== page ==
Max Garcia

Written by Daniel Thompson, February 25, 2013, 0 Comments,

The 6-foot-4, 307-pound tackle started 12 games for Maryland as a sophomore and two games as a freshman, and was one of the most sought after transfers after he decided to move on from Randy Edsall and the Terrapins. It was initially assumed that the Norcross, Ga., native was going to transfer to Georgia, but the Gators pulled a coup pulling Garcia from Georgia, Ole Miss, Wisconsin and Southern California.

However, while Garcia started 14 games at left tackle for Maryland, expect Garcia to move inside to the left guard position along side sophomore left tackle D.J. Humphries.

While Garcia’s film shows him in the tackle position, let’s see what we can gather about Garcia and see how he might translate as a guard.

Primarily, it is worth noting that Garcia is currently 17 pounds heavier at Florida than he was during his playing time at Maryland. The extra weight gives him more mass, and likely means greater strength, which is necessary for his move inside. Rather than his quick feet and agility that made him a successful tackle, Garcia will hopefully be able to do better than most guards because of this experience.

The first thing on his tape that you notice is that he has great hand placement and moves well with his hands locked in with a defender. Garcia is able to keep his balance and quickly back peddle or move laterally, while continuing to engage, which is a great skill. Further, Garcia’s hand placement doesn’t get sloppy during the continuation of a play. He has a great punch and quickly re-engages his opposing defender.

Garcia also has great explosiveness. His ability to drive into a pass rusher quickly, as well as, maintain leverage is a big positive. He is quick out of his stance and quick to pick up the block, attacking the attacker rather than passively waiting.

The biggest downfall on Garcia was his strength. He was overpowered, by pure strength not necessarily technique, a few times that became concerning. However, with a year in the weight room and 17 additional pounds, Garcia has likely gained the necessary strength for SEC football.

The move from the outside to the inside for Garcia, will likely help give the Gators one of the most complete offensive lines they have had in years.

Daniel Thompson

About Daniel Thompson

Dan Thompson is a 2010 graduate of the University Florida, graduating with a degree in Economics and a degree in Political Science. During this time at UF, Dan worked three years for the Florida Gator Football team as a recruiting ambassador. Dan dealt daily with prospects, NCAA guidelines, and coaching staff. Dan was also involved in Florida Blue Key, Student Government and Greek Life. Currently, Dan works as an Executive Head Hunter for a Tampa-based company. Dan enjoys golfing, country music, gin, travel, oysters, and a medium-rare steak. Dan has previously covered the Gators extensively on BourbonMeyer.com; on Twitter @DK_Thompson; and as the administrator of TheGatorsDaily.com.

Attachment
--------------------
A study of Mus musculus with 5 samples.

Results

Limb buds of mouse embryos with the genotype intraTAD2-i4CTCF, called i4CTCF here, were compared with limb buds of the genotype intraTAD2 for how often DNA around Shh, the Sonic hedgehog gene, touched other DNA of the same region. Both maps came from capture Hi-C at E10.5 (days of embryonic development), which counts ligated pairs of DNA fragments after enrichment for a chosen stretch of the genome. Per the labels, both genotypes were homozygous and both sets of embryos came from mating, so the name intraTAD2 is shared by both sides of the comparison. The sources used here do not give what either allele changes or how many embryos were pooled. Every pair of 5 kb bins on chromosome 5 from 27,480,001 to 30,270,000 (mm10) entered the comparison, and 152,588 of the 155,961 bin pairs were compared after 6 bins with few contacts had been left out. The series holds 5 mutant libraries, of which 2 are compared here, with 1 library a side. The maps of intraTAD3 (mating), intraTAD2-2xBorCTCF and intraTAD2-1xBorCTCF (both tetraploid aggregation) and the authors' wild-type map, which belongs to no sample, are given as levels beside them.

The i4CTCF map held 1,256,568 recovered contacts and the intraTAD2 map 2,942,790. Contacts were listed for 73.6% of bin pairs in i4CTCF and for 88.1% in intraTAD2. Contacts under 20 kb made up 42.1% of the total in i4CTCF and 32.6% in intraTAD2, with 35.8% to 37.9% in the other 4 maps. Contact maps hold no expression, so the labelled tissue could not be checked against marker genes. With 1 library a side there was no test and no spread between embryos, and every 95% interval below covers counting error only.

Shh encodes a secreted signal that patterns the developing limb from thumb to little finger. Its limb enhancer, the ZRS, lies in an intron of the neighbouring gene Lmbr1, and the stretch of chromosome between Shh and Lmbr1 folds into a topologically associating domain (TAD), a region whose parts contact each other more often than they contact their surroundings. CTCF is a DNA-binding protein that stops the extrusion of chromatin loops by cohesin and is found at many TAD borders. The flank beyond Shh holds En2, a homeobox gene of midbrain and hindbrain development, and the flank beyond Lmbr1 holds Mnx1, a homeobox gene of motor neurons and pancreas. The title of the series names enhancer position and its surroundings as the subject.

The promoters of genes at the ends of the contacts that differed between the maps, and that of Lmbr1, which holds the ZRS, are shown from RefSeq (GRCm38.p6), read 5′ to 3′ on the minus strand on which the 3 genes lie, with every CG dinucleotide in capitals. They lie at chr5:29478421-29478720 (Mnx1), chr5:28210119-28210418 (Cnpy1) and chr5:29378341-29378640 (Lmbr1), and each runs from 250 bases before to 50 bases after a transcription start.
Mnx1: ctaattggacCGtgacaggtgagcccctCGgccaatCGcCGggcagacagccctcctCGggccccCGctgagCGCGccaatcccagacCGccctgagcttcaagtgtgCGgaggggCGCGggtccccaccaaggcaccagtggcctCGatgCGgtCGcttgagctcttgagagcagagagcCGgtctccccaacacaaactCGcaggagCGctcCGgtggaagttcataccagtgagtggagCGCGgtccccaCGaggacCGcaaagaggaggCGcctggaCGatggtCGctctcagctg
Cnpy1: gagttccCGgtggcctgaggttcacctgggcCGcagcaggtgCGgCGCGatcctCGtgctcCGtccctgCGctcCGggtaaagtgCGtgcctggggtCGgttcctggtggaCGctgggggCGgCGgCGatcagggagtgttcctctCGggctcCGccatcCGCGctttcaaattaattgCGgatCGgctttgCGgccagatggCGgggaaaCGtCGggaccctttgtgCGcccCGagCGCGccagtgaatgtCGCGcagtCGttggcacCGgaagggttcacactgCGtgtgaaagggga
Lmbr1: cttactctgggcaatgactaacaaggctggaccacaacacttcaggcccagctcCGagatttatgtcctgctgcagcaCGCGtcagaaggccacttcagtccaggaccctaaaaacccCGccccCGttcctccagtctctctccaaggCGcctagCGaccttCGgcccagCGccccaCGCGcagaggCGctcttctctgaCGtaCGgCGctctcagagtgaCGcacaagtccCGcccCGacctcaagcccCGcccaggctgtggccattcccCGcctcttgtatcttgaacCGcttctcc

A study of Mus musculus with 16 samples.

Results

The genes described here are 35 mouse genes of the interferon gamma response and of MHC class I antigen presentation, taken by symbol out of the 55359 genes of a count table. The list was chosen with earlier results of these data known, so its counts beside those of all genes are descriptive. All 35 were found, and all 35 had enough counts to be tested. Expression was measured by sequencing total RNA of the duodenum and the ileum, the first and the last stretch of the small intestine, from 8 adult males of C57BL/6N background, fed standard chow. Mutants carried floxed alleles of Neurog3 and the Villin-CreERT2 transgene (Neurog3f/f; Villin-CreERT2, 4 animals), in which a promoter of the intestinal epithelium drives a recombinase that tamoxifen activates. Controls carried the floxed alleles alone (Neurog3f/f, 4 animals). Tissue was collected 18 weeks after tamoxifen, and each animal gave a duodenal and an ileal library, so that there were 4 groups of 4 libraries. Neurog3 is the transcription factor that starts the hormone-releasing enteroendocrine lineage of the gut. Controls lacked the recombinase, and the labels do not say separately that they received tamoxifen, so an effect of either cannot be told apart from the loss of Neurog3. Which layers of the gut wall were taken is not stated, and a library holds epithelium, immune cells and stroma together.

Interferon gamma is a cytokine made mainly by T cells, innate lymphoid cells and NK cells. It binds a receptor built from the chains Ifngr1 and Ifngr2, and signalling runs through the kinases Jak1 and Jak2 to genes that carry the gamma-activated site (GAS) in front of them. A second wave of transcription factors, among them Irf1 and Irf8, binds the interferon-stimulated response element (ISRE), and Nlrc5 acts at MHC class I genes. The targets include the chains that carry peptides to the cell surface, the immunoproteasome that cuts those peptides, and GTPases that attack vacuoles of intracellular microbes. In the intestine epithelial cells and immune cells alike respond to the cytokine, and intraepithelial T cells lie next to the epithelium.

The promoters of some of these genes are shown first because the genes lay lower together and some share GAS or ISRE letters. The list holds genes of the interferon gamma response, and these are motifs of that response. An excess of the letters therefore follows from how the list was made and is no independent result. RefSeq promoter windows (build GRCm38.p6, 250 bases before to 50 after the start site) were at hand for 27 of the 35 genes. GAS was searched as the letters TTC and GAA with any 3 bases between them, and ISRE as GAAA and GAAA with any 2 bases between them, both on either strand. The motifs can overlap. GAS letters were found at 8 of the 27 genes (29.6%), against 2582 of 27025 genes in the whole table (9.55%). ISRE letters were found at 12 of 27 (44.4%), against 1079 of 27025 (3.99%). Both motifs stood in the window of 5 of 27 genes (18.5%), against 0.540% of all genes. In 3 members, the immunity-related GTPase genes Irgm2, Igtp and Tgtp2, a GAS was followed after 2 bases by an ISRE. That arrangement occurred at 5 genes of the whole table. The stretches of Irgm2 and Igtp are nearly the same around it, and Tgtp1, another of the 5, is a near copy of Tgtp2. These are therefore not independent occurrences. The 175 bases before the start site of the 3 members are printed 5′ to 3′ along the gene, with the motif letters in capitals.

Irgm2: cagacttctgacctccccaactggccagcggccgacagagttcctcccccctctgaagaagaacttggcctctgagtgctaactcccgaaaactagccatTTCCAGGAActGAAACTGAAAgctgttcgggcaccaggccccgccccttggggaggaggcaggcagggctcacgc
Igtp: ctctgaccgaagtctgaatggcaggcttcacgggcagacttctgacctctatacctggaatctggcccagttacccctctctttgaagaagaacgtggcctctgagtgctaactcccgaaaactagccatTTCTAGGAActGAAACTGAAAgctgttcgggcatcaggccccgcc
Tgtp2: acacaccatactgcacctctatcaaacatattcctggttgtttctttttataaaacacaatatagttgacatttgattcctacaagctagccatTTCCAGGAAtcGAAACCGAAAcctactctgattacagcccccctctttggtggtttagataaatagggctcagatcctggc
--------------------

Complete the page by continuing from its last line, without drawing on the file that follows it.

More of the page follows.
The 6-foot-4, 307-pound tackle started 12 games for Maryland as a sophomore and two games as a freshman, and was one of the most sought after transfers after he decided to move on from Randy Edsall and the Terrapins. It was initially assumed that the Norcross, Ga., native was going to transfer to Georgia, but the Gators pulled a coup pulling Garcia from Georgia, Ole Miss, Wisconsin and Southern California.

However, while Garcia started 14 games at left tackle for Maryland, expect Garcia to move inside to the left guard position along side sophomore left tackle D.J. Humphries.

While Garcia’s film shows him in the tackle position, let’s see what we can gather about Garcia and see how he might translate as a guard.

Primarily, it is worth noting that Garcia is currently 17 pounds heavier at Florida than he was during his playing time at Maryland. The extra weight gives him more mass, and likely means greater strength, which is necessary for his move inside. Rather than his quick feet and agility that made him a successful tackle, Garcia will hopefully be able to do better than most guards because of this experience.

The first thing on his tape that you notice is that he has great hand placement and moves well with his hands locked in with a defender. Garcia is able to keep his balance and quickly back peddle or move laterally, while continuing to engage, which is a great skill. Further, Garcia’s hand placement doesn’t get sloppy during the continuation of a play. He has a great punch and quickly re-engages his opposing defender.

Garcia also has great explosiveness. His ability to drive into a pass rusher quickly, as well as, maintain leverage is a big positive. He is quick out of his stance and quick to pick up the block, attacking the attacker rather than passively waiting.

The biggest downfall on Garcia was his strength. He was overpowered, by pure strength not necessarily technique, a few times that became concerning. However, with a year in the weight room and 17 additional pounds, Garcia has likely gained the necessary strength for SEC football.

The move from the outside to the inside for Garcia, will likely help give the Gators one of the most complete offensive lines they have had in years.